Canadian Journal of Psychiatry
Canada, May 2002 mai
The Role of Pharmaceutical Companies in Research and Development
Plaudits and Cautions
Over the last several years, pharmaceutical companies have continued
to market their specific products with ever increasing diligence
to physician prescribers. These companies make a great contribution
but also challenge the boundaries of balanced information-sharing.
With this issue, the Journal introduces new procedures to address
The knowledge and practice of medicine has changed immensely over
the last 60 years. We can now treat illnesses that were only subject
to alleviation. Nowhere has this been greater than in psychiatry.
While many areas have made significant contributions, the area of
psychopharmacology has been in the forefront since the introduction
of chlorpromazine for schizophrenia.
While the progress has been impressive, the downside is the decrease
in medical-psychiatric use of forms of psychotherapy, which have
become the territory more of other mental health professionals,
some of whom have been campaigning for prescription rights. Some
would go so far as to claim that psychiatry has become a less caring
profession and that this may partly account for recent reduction
in the number of medical students enrolling in psychiatry, a trend
that seems to have been reversed this year.
The research to develop these drugs is long, complicated, and often
without result. But where there is evidence that the drug works
better than placebo, attention and funding flow into development
and promotion. Particularly where there are competing compounds
in the same group, the struggle for attention and prescribing choice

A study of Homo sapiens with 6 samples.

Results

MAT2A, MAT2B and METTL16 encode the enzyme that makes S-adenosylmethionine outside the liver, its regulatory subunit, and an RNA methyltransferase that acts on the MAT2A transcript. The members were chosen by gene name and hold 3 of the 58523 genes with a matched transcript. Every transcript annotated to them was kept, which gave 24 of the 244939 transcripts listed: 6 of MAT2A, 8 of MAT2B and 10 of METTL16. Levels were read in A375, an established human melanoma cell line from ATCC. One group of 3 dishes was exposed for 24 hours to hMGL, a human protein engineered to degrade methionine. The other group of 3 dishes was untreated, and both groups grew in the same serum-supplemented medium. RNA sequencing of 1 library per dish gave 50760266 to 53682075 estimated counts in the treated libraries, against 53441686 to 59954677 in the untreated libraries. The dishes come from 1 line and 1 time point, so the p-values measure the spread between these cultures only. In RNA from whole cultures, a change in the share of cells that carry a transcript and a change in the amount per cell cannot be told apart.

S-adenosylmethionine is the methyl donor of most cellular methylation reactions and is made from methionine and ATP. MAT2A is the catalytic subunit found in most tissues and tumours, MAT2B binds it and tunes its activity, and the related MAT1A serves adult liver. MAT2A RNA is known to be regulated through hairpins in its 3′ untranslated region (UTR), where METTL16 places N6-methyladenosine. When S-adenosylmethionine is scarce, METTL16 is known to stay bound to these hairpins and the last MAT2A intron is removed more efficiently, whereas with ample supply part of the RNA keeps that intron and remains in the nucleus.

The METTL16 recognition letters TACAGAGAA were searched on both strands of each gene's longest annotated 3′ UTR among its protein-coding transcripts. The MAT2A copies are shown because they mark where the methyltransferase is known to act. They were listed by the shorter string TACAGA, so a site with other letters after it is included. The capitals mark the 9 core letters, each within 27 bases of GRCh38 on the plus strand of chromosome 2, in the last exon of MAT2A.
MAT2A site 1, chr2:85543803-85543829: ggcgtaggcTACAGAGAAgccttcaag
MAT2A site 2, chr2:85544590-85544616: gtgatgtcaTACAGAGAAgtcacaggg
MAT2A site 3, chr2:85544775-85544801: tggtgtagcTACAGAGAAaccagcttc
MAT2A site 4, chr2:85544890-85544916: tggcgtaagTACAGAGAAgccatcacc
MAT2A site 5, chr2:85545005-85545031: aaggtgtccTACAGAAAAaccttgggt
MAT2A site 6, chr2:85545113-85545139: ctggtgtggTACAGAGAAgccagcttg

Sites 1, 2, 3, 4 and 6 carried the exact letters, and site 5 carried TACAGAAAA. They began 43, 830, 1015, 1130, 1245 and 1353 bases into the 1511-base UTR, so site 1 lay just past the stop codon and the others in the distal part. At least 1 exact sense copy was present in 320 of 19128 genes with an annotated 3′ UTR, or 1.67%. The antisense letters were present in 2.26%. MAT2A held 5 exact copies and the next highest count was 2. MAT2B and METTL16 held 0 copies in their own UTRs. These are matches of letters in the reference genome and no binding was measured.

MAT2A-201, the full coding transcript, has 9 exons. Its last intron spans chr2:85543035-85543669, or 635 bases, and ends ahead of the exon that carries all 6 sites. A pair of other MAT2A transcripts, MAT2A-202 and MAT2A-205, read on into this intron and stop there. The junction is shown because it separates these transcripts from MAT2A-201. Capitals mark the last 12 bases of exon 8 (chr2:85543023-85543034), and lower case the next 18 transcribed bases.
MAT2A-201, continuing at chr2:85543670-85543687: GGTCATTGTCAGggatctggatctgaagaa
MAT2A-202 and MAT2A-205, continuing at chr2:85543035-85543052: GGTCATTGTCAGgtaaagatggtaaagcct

is intense. More recently, the funding of many of these studies
has come from companies who are brokering them. This is in no way
to imply that there is anything wrong with this activity as it is
quite in keeping with the mandate of these companies.
Journals everywhere are committed to keeping their readers acquainted
with the latest developments and how to make choices for the individual
patient and to provide a framework within which to consider the
information and promotion by the representatives of the firms. There
have been strenuous efforts to combat direct interference in the
conduct, preparation, and dissemination of results. There is even
more bias if the firms can stop research before it is completed
or even censor the results published. There have been a number of
prominent cases of just such occurrence.
However, reality is that there are many ways of influencing the
prescribers, such as the teaching events at annual meetings, advertising
in the journals, and frequent mailings. Organizations have been
happy to accept these influences provided there has been preliminary
review of the intended general material and clear declaration of
Journals are now accepting this reality, and the distinguished
New England Journal of Medicine has announced that it will no longer
insist that authors of review articles be unattached to any of the
manufacturers. The argument is that those best able to articulate
a review today seem to be involved in funded research of this nature.
What is now being emphasized is the clear declaration of any funding
received for the research submitted in a paper and any affiliation
with the activities of these firms. The purpose is to provide readers
with enough information to assess the quality of the research for
Accordingly, each Journal paper will state any affiliations of
the authorsacademic, financial, or employmentand specific
information as to any and all sources of funding for the work and
research being reported. Broadly, the Journal will make the presentations
as transparent as possible.
Another issue that has come up recently is the inclusion of already
published work as an insert in the Journal package. These inserts,
for which the CPA is paid, will now have a facing sheet indicating
that the item is a paid insert and that its distribution with the
Journal in no way implies the endorsement of the content either
by the Journal or the CPA. The Journal will not allow the pharmaceutical
firms to influence what is published in the Journal or, on the contrary,
to impede publication of articles, review papers, inserts, or the
choice of guest editors for a specific topic in the In Review series.